De Blasio sworn in as mayor of New York
Jan 02 2014 , New York
De Blasio, 52, who in November won a landslide election to become New York's first Democratic mayor in 20 years, took the oath of office one minute after midnight during a ceremony in front of his Brooklyn home, flanked by his wife Chirlane and their two teenaged children.
"This is the beginning of a road we will travel together," he told a few dozen supporters gathered outside his home, during a short speech ahead of a formal swearing in ceremony later today.
The modest oath swearing ceremony was in stark contrast with the inauguration for his predecessor, Michael Bloomberg, who in 2002 was sworn in in Times Square just after midnight amid confetti and a massive swarm of revelers.
More than a decade later, the brash billionaire concluded his 12-year reign yesterday, ending an era that heralded major changes for America's largest city, but that also deepened the schism between rich and poor.
The New York mayor's night-time oath traditionally is followed by a mid-day affair on the steps of City Hall.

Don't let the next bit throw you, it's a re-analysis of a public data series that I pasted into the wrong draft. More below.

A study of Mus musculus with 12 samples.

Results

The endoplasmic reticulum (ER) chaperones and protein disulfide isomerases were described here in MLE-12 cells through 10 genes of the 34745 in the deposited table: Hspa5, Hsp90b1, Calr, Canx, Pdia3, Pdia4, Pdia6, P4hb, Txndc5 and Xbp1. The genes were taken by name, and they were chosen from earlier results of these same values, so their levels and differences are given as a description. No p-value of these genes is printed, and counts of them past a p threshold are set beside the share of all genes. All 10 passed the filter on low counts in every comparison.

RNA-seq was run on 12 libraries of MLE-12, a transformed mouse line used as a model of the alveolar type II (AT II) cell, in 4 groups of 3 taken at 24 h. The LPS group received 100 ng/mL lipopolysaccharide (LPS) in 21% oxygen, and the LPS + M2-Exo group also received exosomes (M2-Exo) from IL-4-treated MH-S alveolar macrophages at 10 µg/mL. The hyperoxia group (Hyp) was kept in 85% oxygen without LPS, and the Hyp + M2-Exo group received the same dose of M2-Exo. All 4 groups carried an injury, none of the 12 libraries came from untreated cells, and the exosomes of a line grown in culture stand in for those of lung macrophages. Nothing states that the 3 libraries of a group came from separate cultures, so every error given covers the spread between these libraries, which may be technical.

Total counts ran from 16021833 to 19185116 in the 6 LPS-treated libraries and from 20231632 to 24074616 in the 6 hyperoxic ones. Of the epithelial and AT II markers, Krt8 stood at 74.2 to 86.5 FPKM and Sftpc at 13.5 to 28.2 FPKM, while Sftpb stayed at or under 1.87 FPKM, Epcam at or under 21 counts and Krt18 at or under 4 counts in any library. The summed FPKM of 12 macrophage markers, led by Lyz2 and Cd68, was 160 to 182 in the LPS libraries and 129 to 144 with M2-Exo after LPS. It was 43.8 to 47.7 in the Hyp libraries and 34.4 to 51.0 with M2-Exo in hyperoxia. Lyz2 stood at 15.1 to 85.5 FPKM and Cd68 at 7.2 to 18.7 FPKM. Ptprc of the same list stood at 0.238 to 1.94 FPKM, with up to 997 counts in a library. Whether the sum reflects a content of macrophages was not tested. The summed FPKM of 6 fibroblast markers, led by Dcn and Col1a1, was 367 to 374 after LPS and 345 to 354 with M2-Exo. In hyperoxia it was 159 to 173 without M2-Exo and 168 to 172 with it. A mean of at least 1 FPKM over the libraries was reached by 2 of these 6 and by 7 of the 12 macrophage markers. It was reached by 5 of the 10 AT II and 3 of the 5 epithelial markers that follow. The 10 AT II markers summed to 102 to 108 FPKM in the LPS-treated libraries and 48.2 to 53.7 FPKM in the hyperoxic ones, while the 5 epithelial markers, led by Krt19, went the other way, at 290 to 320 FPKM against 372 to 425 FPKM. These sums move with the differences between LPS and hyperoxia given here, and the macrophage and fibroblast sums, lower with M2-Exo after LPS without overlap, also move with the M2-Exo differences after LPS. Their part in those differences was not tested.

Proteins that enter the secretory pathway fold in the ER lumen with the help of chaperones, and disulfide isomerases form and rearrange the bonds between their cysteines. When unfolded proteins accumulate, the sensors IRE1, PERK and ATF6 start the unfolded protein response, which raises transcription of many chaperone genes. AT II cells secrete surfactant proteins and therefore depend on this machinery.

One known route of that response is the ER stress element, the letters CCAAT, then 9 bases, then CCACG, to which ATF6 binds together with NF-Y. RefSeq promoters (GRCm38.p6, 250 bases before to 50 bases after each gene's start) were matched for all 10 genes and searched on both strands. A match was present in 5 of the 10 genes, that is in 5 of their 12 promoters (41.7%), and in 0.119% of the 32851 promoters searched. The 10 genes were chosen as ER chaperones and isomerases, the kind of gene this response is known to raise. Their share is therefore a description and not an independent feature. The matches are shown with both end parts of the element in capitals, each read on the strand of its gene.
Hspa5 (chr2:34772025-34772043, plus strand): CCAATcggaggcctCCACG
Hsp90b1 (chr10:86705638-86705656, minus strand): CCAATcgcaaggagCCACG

De Blasio's second oath took place at midday today, with former US president Bill Clinton presiding.
De Blasio worked for the Clinton administration during his days in the Department of Housing and Urban Development.
Also attending was the former president's wife, Hillary Clinton, tipped by politicos as a 2016 presidential favourite.
De Blasio helped manage Hillary Clinton's successful 2000 Senate campaign.
The new mayor, a towering 6'5" (1.95 meters), formerly served on the New York City Council representing a Brooklyn district.
He was sworn in using a Bible that once belonged to former US president Franklin D Roosevelt, the architect of America's New Deal reforms that provided a safety net Americans suffering during the Depression.
A staunch liberal, de Blasio has emphasised his desire to establish a progressive administration.